Courage & Compassion: The Legacy of the Bielski Brothers
On display January 14, 2017 – August 6, 2017
An original, award-winning The FHM exhibition, Courage and Compassion: The Legacy of the Bielski Brothers chronicles the Bielski brothers’ story. This exhibition, presented nationally by Bank of America, is a multi-media presentation showcasing the heroic efforts of three brothers who helped save more than 1,200 people while living in the forest during World War II.
Three brothers, Tuvia, Asael and Zus Bielski, took refuge from the Nazis in the forests surrounding Novogrudok, Belarus. In the forest, they formed a community of men, women and children that numbered more than 1,200 by the end of the war. The brothers led the group in acts of sabotage and defense against the Nazis. It is through the brothers’ leadership that the group survived starvation, harsh winters and the threat of the Nazis and their collaborators.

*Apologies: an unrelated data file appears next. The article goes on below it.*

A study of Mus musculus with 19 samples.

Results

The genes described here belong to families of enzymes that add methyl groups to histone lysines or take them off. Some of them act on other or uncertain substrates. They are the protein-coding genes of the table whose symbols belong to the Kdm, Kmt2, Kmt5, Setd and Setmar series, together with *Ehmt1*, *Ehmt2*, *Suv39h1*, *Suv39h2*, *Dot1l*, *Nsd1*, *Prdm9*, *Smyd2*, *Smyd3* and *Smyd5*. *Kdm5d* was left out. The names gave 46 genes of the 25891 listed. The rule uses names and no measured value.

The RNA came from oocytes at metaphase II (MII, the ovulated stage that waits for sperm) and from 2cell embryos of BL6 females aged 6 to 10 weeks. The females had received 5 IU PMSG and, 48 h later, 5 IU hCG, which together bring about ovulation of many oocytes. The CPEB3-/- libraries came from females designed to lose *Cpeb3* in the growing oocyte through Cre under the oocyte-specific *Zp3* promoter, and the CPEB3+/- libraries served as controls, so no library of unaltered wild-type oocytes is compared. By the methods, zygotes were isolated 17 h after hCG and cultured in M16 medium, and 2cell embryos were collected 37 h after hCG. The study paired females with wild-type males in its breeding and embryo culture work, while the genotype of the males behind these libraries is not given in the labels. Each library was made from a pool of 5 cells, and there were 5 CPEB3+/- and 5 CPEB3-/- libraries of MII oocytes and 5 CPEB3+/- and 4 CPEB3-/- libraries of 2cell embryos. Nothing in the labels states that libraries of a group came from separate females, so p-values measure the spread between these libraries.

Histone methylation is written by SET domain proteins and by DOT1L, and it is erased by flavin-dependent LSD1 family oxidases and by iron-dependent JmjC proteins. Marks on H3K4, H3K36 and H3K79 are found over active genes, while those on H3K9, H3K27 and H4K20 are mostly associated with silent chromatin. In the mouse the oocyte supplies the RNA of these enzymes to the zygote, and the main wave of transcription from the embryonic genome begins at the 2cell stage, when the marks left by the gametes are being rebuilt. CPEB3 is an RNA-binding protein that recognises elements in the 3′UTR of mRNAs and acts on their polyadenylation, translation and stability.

During World War II, three of the Bielski brothers ran a Jewish partisan unit in Western Belorussia that saved close to 1,200 Jews from the ghettos of Novogrudok and Lida and the surrounding countryside. Their unit or otriad, as known in Russian, was unique. While the great majority of partisan groups in World War II sought to fight the Germans in their midst, the Bielski brothers cared more about preserving the lives of as many Jews as possible than they did about attacking the German forces that occupied Western Belorussia. For more than two years the brothers commanded their partisan unit in the Belorussian forests. Their acts of rescue during extremely dangerous times stands as a monument to courage and compassion. The Bielski brothers may be called Upstanders, individuals willing to put their own lives in danger on behalf of others. This exhibition tells their story.